Is this the new normal for hotel hygiene? 

In a nod to the new realities of the coronavirus pandemic, Marriott has announced a series of dramatic new changes to the way it cleans its hotels — in what could be a portent of new standards across the hotel industry. 

Marriott has also launched what it’s calling the “Global Cleanliness Council” led by Ray Bennett, Chief Global Officer, Global Operations, Marriott International, joined by a number of public health experts and scientists. 

The mission of the council is to “tackle the realities of the COVID-19 pandemic at the hotel level and further advance the company’s efforts in this area.”

“We are living in a new age, with COVID-19 front and center for our guests and our associates,” said Arne Sorenson, President and Chief Executive Officer, Marriott International. “We are grateful for the trust our guests have shown us through the years. We want our guests to understand what we are doing today and planning for in the near future in the areas of cleanliness, hygiene and social distancing so that when they walk through the doors of one of our hotels, they know our commitment to their health and safety is our priority. It’s equally important to us that our associates know the changes we are making to help safeguard their health as they serve our guests.”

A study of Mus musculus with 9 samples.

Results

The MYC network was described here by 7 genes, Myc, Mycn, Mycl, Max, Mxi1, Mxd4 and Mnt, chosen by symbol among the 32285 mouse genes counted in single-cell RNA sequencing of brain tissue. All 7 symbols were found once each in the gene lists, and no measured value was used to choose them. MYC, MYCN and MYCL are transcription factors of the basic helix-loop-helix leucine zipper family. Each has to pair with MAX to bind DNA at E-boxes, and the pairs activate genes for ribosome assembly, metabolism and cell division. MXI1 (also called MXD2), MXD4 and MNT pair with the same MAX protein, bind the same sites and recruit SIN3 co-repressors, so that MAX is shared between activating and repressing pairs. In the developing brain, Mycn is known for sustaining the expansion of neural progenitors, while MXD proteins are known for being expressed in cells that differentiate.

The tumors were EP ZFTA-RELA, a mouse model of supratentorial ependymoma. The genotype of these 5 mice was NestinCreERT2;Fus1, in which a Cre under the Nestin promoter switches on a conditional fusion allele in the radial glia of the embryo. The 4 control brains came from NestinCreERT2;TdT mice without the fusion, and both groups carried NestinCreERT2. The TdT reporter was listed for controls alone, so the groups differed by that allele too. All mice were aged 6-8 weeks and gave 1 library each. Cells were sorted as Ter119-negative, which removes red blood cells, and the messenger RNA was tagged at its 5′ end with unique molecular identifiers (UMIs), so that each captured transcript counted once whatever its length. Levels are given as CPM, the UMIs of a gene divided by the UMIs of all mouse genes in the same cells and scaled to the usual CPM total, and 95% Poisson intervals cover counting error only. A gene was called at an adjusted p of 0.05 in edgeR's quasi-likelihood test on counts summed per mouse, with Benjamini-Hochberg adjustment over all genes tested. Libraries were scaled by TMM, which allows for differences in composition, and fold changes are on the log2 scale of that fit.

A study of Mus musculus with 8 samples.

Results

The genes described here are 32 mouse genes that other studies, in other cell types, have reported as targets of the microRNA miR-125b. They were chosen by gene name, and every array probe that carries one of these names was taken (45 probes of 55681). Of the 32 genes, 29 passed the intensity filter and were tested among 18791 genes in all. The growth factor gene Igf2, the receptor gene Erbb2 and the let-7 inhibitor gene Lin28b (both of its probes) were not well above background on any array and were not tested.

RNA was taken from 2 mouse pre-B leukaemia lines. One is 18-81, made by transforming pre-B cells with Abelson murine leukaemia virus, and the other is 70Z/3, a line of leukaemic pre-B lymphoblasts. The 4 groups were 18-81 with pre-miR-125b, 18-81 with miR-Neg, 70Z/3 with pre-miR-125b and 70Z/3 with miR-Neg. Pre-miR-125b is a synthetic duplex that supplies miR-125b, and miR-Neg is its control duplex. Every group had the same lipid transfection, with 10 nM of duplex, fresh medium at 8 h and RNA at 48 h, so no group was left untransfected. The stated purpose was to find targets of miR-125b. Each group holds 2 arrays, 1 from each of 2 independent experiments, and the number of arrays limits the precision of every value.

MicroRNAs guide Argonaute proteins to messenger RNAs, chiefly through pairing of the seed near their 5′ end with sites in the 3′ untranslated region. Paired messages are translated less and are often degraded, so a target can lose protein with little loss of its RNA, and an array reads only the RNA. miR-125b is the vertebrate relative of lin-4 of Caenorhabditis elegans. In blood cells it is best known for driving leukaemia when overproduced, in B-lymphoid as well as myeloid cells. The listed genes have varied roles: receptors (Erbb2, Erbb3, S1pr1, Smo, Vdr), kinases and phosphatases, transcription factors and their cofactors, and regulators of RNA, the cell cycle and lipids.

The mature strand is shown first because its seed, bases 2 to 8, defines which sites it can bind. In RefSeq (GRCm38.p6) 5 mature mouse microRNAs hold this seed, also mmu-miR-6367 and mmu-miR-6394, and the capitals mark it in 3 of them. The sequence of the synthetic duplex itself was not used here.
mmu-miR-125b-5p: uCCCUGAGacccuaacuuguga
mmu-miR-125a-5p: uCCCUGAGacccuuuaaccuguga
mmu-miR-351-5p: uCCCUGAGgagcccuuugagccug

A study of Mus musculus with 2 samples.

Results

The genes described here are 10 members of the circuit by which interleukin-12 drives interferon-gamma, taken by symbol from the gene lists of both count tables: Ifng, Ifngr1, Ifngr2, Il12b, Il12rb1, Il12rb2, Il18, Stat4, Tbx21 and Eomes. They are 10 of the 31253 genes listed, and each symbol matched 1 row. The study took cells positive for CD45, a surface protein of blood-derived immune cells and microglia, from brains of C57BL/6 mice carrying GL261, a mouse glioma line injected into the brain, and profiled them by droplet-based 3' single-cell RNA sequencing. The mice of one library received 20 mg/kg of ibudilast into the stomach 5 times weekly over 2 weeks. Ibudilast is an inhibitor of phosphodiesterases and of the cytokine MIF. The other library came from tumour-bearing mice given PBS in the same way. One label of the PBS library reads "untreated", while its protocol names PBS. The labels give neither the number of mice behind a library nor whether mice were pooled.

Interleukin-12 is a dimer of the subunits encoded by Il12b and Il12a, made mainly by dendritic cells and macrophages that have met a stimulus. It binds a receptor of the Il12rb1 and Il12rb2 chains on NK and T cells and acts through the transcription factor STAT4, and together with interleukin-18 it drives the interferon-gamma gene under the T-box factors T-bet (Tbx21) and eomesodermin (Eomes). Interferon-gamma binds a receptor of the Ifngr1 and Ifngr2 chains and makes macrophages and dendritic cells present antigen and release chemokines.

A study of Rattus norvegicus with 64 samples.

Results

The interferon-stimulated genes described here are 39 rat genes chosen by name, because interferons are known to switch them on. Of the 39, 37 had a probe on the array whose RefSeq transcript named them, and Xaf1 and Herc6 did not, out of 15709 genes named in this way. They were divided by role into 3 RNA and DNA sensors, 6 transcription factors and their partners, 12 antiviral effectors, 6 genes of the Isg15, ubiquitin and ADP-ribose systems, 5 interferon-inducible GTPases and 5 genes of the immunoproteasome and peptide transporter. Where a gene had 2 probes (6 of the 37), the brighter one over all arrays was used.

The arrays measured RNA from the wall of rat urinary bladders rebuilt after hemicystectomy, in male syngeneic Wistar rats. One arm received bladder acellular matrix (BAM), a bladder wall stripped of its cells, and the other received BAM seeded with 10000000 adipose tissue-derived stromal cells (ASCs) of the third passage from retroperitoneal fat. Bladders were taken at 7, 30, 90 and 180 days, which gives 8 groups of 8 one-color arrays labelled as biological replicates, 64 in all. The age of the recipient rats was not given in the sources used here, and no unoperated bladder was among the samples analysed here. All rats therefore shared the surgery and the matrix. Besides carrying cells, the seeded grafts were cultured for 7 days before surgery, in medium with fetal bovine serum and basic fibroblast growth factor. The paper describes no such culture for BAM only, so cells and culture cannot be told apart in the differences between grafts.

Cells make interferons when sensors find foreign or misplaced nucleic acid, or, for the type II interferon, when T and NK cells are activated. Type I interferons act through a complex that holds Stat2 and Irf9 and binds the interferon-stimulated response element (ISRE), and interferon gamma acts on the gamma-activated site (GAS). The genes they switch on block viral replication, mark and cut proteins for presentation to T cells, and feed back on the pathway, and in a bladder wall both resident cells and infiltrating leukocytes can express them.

A major part of the company’s new cleanliness push will be in the form of enhanced technology, including “Electrostatic Spraying Technology,” which uses what the company says is the “highest classification of disinfectants recommended by the CDC.”

The sprayers clean and disinfect entire areas, and can be used to clean and disinfect rooms, lobbies, gyms and other areas. 

Marriott also says it is testing ultraviolet light to sanitizes things like keys and other devices. 

The company is making some major changes to its cleaning regimen across its properties: that includes “rigorous” cleaning protocols, and requiring that surfaces are treated with hospital grade disinfectants, with increased frequency. 

The company will also be reminding guests to maintain social distance protocols, even removing or re-arranging furniture to allow more space; that’s along with installing more hand sanitizing stations and allowing guests to use their phones to check in, access their rooms and even order rooms service in more than 3,200 hotels. 

And then there is the question of food safety; that includes enhanced sanitation guidelines and training videos for employees; all food handlers and supervisors will be trained, and the company is also changing its practices for in-room dining and “designing new approaches to buffets,” although it did not shed light on how the latter will change. 

“Safety for our guests and associates has always been a top priority for Marriott and today that discussion of safety is in the context of COVID-19,” said Bennett. “We want our guests to know that we are doing everything we can to welcome them back to a safe and clean hotel environment when they start traveling again.”